Practical Blazor Debugging Debugging Blazor WebAssembly Applications with Visual Studio and Blazor Server-Side Features

  • Peter Himschoot

Your browser needs to be JavaScript capable to view this video

Try reloading this page, or reviewing your browser settings

You're watching a preview of subscription content. Log in to check access

This video shows how to improve Blazor’s debugging experience by structuring applications to be easily moved between server- and client-side deployments. Practices shown allow the full use of Visual Studio 2019’s debugging features even when the target deployment is WebAssembly on the client. You’ll learn how to develop and debug using Blazor’s server-side support using the extensive debugging support from Visual Studio, then how to move your fully debugged applications into WebAssembly on the client. You’ll be able to use the full debugging features of Visual Studio even when your deployment target is client side.

What You Will Learn

  • Debug Blazor applications, both server side and WebAssembly

  • Structure Blazor applications and build services for maximum reuse

  • Find and fix bugs faster using advanced breakpoints and watches

  • Use Blazor component libraries to build both server-side and WebAssembly applications

  • Develop and debug JavaScript Interup, again for maximum reuse

  • Gain insight into your code’s behavior through detailed logging

Who This Video Is For

Blazor developers who want to use Visual Studio’s debugger to get better insight into their application’s behavior. Also developers who want to overcome the weak debugging support for client-side Blazor development. Also programmers who want to build Blazor applications that support both server-side and WebAssembly deployments with maximum reuse.

This video shows how to improve Blazor’s debugging experience by structuring applications to be easily moved between server- and client-side deployments. Practices shown allow the full use of Visual Studio 2019’s debugging features even when the target deployment is WebAssembly on the client.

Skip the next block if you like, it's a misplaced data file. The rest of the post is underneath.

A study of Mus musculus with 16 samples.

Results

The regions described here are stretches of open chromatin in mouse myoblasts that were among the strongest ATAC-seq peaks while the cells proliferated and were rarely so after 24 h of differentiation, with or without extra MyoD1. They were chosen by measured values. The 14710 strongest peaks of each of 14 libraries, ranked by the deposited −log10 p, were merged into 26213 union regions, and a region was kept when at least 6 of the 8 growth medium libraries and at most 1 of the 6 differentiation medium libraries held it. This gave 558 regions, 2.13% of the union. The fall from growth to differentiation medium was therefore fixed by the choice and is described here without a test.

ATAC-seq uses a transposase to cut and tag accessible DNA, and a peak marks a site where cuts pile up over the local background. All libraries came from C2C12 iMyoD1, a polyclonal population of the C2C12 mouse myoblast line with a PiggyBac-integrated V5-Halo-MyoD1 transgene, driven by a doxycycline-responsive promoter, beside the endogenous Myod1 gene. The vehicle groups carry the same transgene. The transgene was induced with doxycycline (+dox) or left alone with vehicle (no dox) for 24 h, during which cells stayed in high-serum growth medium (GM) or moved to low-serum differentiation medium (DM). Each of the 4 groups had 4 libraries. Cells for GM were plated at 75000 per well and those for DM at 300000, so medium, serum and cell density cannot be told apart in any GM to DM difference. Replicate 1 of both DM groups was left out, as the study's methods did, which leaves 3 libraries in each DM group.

About The Author

Peter Himschoot

Peter Himschoot works as a lead trainer, architect, and strategist at U2U. Peter has a wide interest in software development that includes applications for the web, Windows, and mobile devices. Peter has trained thousands of developers, is a regular speaker at international conferences, and has been involved in many web and mobile development projects as a software architect.

 

Supporting material

View source code at GitHub.

About this video

Author(s)
Peter Himschoot
DOI
https://doi.org/10.1007/978-1-4842-6592-5
Online ISBN
978-1-4842-6592-5
Total duration
57 min
Publisher
Apress
Copyright information
© Peter Himschoot 2020

Related content

Video Transcript

[MUSIC PLAYING]

Have you been debugging Blazor WebAssembly recently and found the debugger not up to the task? Or did you have trouble reproducing that bug from production? Then watch this video, where I will show you how to set up your project so you can still use the full debugging capabilities of Visual Studio.

You will learn how to run your components both in Blazor WebAssembly and Blazor Server. Why? Because with Blazor Server, you can use all the features that Visual Studio debugging has to offer. I will also show you a whole bunch of debugging tips and tricks so you can become a master at debugging applications.

Topics we will cover are debugging with Blazor Server, debugging with Blazor WebAssembly, how to set up your project to use both Blazor Server and Blazor WebAssembly, so you can run with Blazor WebAssembly but debug with the Blazor Server. We’ll look at how we can fix bug faster with Advanced Breakpoints and Tracepoints, using the Watch and Immediate window to inspect and modify variables. We’ll look at how you can build services.

So we can easily debug them, but so we can also use the same service both in Blazor WebAssembly and Blazor Server. We’ll look at how we can customize the debugger’s behavior with attributes, find bugs in large loops with Hitcount breakpoints. And finally, we’ll also look at how we can do logging to reproduce some of those harder-to-find bugs.